Ingrid Morley’s exhibition The past is just behind at Orange Regional Gallery was born out of a period of great upheaval for the artist. Morley lives and works in Oberon—or Gundungurra lands, part of Wiradjuri country—where the beautiful yet rugged terrain experiences great fluctuations in temperature, with snowfall one season and bushfires the next.
The last couple of years have seen Morley reckoning with both natural and personal disaster, including a studio fire and the death of a very close friend in an accident. The resulting works, both in sculpture and on paper, are a response to this.
Many of Morley’s sculptures are cut from steel, and despite the rigidity of the material, they often take on human-like forms. Harsh edges meet smooth curves in these, echoing the disruption the artist has experienced, and embracing the absurdity of it all.
View, in pictures, Ingrid Morley’s monuments to loss and change.
Unboxing the cultural impact of sneakers
Sneakers are a cultural phenomenon made up of paradoxes. Some see them as an accessible and inclusive force in fashion that serve as an outlet of self-expression for many; yet to others they are a symbol of out-of-control consumerism. Two Queensland exhibitions are embracing these dualities, though from contrasting angles: Sneakers Unboxed: Studio to Street at HOTA on the Gold Coast, and Torsion at Brisbane’s Metro Arts.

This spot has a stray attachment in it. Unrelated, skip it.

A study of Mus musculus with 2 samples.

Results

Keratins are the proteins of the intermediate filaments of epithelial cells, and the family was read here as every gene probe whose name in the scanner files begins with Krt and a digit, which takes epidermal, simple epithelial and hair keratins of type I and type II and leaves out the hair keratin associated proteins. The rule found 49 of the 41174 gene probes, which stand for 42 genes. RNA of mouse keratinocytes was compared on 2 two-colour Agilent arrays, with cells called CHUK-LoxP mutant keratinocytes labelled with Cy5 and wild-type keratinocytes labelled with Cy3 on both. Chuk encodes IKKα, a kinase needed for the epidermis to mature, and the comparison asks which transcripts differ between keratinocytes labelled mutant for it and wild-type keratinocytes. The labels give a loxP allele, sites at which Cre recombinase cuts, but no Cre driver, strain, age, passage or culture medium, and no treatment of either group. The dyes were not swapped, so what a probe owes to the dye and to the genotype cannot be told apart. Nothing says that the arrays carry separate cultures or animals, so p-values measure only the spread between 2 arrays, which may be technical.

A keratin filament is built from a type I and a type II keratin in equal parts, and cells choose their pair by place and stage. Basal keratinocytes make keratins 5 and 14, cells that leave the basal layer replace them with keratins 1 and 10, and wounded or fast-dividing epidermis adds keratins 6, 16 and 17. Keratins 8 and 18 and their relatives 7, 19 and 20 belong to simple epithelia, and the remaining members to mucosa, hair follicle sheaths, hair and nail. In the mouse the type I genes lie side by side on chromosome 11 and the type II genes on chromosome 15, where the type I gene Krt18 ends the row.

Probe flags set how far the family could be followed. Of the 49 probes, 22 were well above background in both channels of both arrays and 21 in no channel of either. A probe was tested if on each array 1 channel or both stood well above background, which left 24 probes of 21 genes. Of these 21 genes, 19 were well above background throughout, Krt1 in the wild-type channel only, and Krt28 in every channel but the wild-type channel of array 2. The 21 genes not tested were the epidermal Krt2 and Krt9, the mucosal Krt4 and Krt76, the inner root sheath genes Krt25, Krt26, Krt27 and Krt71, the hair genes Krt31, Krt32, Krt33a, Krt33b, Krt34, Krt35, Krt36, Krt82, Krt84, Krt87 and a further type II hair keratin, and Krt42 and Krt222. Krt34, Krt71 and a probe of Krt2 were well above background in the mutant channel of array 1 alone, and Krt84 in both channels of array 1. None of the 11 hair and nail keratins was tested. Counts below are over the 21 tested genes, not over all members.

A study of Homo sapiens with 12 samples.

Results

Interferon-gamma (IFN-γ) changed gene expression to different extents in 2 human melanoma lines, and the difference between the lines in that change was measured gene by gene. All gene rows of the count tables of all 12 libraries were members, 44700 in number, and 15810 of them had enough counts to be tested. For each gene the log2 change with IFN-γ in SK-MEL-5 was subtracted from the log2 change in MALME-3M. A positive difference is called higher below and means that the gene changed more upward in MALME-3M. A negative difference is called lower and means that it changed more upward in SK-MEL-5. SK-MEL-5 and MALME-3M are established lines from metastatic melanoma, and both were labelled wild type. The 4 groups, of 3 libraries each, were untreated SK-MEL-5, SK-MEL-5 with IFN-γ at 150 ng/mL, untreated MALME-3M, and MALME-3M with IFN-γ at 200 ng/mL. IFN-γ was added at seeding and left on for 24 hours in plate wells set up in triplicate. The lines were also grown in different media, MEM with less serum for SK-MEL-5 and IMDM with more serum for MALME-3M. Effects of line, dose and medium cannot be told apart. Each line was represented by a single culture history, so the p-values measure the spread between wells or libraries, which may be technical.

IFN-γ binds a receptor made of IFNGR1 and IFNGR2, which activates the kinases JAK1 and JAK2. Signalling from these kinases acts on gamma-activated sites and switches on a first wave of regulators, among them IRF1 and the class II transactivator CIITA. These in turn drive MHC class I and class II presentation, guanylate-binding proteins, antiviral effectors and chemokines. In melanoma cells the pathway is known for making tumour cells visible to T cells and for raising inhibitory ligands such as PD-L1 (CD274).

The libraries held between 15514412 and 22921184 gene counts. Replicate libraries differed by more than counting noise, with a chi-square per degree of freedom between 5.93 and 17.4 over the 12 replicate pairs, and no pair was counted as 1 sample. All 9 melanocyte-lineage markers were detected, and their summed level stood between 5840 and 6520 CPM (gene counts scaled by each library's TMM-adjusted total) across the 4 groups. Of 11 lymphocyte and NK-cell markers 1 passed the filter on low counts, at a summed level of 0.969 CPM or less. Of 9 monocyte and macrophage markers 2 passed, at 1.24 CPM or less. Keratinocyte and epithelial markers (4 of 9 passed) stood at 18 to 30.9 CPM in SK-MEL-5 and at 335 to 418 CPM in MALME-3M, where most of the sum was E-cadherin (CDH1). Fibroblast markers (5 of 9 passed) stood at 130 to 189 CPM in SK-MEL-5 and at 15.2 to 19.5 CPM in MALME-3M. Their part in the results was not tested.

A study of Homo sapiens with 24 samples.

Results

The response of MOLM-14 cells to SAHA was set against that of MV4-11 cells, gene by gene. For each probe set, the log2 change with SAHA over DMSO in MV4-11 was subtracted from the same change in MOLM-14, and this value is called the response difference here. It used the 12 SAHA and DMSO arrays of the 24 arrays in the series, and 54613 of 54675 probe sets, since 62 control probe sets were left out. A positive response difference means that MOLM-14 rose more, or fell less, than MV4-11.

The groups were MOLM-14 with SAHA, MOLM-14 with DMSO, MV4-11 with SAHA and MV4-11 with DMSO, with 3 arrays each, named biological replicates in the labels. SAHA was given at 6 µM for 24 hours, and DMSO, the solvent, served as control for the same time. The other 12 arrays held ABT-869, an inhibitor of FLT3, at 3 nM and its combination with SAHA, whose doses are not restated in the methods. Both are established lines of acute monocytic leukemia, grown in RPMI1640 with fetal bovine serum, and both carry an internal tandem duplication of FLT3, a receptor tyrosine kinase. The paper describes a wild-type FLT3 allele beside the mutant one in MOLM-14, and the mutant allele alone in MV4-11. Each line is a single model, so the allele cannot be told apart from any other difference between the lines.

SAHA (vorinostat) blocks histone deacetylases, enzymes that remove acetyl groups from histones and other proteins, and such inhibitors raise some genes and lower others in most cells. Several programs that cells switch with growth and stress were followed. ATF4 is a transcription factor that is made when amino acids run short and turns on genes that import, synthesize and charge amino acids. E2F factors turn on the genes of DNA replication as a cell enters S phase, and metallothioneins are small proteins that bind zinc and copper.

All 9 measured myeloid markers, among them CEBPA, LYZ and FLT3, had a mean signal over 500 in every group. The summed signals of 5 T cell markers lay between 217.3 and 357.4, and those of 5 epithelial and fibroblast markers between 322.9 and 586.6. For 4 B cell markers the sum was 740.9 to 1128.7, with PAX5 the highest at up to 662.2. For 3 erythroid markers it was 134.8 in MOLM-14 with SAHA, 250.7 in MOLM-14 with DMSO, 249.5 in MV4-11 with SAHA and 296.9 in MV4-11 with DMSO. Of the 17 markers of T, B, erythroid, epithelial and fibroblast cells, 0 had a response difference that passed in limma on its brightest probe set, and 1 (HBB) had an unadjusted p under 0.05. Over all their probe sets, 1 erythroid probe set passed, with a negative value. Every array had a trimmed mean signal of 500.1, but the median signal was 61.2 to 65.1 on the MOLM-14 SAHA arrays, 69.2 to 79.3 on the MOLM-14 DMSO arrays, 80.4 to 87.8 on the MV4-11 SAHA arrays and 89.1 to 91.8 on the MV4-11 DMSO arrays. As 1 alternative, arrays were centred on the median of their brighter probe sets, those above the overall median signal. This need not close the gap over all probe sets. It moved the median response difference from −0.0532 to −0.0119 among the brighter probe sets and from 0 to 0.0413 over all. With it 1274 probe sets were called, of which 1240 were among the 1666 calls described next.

Betty Muffler on ways of healing Country
For Betty Muffler art making and healing are indistinguishable. Evoking Country through the view of the eagle, she’s now showing in the NGV Triennial alongside a host of international names.
The spirit of Emily Kam Kngwarray’s Country
A comprehensive new survey at the National Gallery of Australia pays tribute to Emily Kam Kngwarray and the Country she loved.
Kungka Kuṉpu celebrates the strength of the Anangu women
A new exhibition at Geelong Gallery, in partnership with the Art Gallery of South Australia’s Tarnanthi program, tells the stories of the women artists from the Anangu Pitjantjatjara Yankunytjatjara (APY) Lands.
Art Guide Australia
The art heist you’ve never heard of
A new SBS documentary investigates the little-known 1986 art heist that saw 26 priceless paintings stolen from a remote monastery in Western Australia.
Tarnanthi returns to South Australia
Adelaide’s annual Aboriginal and Torres Strait Islander art festival returns, and this year includes the first-ever survey exhibition by Vincent Namatjira, as well as artworks by over 1500 Indigenous artists.